Lismore during the Coronavirus (COVID-19) pandemic during the shutdown.
Lismore during the Coronavirus (COVID-19) pandemic during the shutdown.

GHOST TOWN: Will Lismore CBD survive COVID-19?

THE arcades may be reminiscent of ghost towns and store fronts populated with for lease signs, but Lismore Chamber of Commerce is bullish on the area's viability.

The COVID-19 measures which introduced social distancing and limited travel created a perfect storm which the Chamber co-president, Sarah Smith, said had hit local business hard.

"Many have seen an immediate effect with changes necessitated by social distancing, others have seen a drop in revenue brought about by reduced spending as families prepare for an uncertain few months, others may be yet to see a decline but are aware that there is unlikely to be any business not affected by the COVID-19 pandemic," Mrs Smith said.

Owner of Curious Ales in the Lismore Arcade, Jeremy Cox said the decline had been noticeable.

"I would say it's a lot quieter, foot traffic is drastically reduced since COVID-19 became an issue … foot traffic I'd say is probably 80 per cent less," Mr Cox said.

The pandemic has forced several changes to businesses with longstanding stores such as the Tahiti Hut forced to close while others like Shoes on Magellan are operating on reduced hours.

While the pandemic has seen some local businesses forced into closure, the Chamber is hopeful that, with time, the business community will flourish.

"It has been heartbreaking to hear of both well-known CBD businesses and also those in the greater Lismore business community that have closed permanently," Mrs Smith said.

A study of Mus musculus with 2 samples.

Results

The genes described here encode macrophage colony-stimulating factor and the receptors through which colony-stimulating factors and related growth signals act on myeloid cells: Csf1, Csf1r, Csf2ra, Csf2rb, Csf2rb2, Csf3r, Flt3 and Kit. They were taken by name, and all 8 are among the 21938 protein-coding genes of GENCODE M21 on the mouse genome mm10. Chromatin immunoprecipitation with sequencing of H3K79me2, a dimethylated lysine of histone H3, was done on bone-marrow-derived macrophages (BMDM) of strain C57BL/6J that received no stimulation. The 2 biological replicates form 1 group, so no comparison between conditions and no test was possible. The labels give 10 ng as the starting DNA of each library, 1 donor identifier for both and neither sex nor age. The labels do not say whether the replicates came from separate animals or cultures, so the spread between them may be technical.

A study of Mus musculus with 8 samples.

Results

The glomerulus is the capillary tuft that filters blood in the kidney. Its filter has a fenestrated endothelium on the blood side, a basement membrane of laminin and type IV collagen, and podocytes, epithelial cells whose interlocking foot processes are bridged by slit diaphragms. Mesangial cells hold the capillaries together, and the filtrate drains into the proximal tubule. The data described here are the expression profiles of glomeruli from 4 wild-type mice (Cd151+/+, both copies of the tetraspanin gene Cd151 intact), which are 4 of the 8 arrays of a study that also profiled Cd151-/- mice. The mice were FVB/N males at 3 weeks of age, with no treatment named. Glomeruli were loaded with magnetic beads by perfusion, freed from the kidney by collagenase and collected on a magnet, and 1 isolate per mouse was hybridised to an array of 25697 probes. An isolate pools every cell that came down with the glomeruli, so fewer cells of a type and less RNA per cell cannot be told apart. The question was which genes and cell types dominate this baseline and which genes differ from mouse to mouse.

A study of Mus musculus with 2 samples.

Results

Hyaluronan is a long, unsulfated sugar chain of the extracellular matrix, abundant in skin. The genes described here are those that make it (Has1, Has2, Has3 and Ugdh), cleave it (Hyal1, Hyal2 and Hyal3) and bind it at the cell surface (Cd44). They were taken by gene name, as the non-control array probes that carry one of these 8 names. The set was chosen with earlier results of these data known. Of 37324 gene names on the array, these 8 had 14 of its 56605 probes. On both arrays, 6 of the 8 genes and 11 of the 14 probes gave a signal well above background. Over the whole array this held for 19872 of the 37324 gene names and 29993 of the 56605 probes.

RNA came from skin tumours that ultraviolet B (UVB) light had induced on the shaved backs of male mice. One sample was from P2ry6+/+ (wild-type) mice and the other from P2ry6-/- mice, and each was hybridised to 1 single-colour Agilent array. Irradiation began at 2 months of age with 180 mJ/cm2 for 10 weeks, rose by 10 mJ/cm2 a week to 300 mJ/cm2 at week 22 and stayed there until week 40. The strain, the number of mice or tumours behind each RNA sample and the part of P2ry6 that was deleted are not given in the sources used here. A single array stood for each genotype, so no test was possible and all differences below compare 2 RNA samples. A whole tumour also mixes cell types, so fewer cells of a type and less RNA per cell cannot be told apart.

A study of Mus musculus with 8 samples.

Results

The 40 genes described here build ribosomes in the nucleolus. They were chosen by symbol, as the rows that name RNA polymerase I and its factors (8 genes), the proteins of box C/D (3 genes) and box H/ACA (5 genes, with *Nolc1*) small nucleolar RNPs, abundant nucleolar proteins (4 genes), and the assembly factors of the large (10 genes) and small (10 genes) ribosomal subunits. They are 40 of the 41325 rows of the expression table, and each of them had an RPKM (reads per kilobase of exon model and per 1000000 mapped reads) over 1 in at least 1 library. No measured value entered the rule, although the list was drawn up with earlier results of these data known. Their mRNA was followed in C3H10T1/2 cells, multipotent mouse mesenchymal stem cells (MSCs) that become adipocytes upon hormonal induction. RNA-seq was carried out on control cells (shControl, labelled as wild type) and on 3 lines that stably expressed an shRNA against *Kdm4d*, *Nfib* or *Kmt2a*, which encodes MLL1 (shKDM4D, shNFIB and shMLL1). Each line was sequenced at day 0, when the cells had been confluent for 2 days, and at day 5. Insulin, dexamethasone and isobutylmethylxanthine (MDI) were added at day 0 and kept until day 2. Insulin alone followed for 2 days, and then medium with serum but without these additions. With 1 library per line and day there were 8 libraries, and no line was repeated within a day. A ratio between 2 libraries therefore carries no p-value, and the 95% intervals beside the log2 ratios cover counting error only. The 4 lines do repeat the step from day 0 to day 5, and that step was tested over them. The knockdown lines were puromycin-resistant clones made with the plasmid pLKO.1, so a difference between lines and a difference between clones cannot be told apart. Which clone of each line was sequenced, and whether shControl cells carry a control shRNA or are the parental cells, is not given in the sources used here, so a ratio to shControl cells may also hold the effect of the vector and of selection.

"It is a harsh reality that the economic effects of this pandemic will far outlast the pandemic itself, however I do not believe it will cripple the business community.

"Lismore has a strong and resilient business community which has faced many challenges, many businesses have been able adapt, and we are seeing some amazing things happening."

Megan Sherman, owner of Maven Boutique in Keen street, said the CBD still had lots to offer the local community.

"It's really important to have a vibrant CBD … I think there are fantastic cafes and shops in the CBD and lots of very dedicated, hardworking local people and they've seen the CBD through thick and thin," Mrs Sherman said.

With restrictions from the coronavirus beginning to lift, the Chamber is strongly advocating for the revitalisation of the CBD area to attract more consumers.

"We have been advocating for residential development in the CBD and are excited to hear that council is in support of this.

"Not only will this attract new life blood to the CBD but also increase the demand for restaurants, cafes, boutique retail, professional services and support the fantastic businesses which make Lismore unique."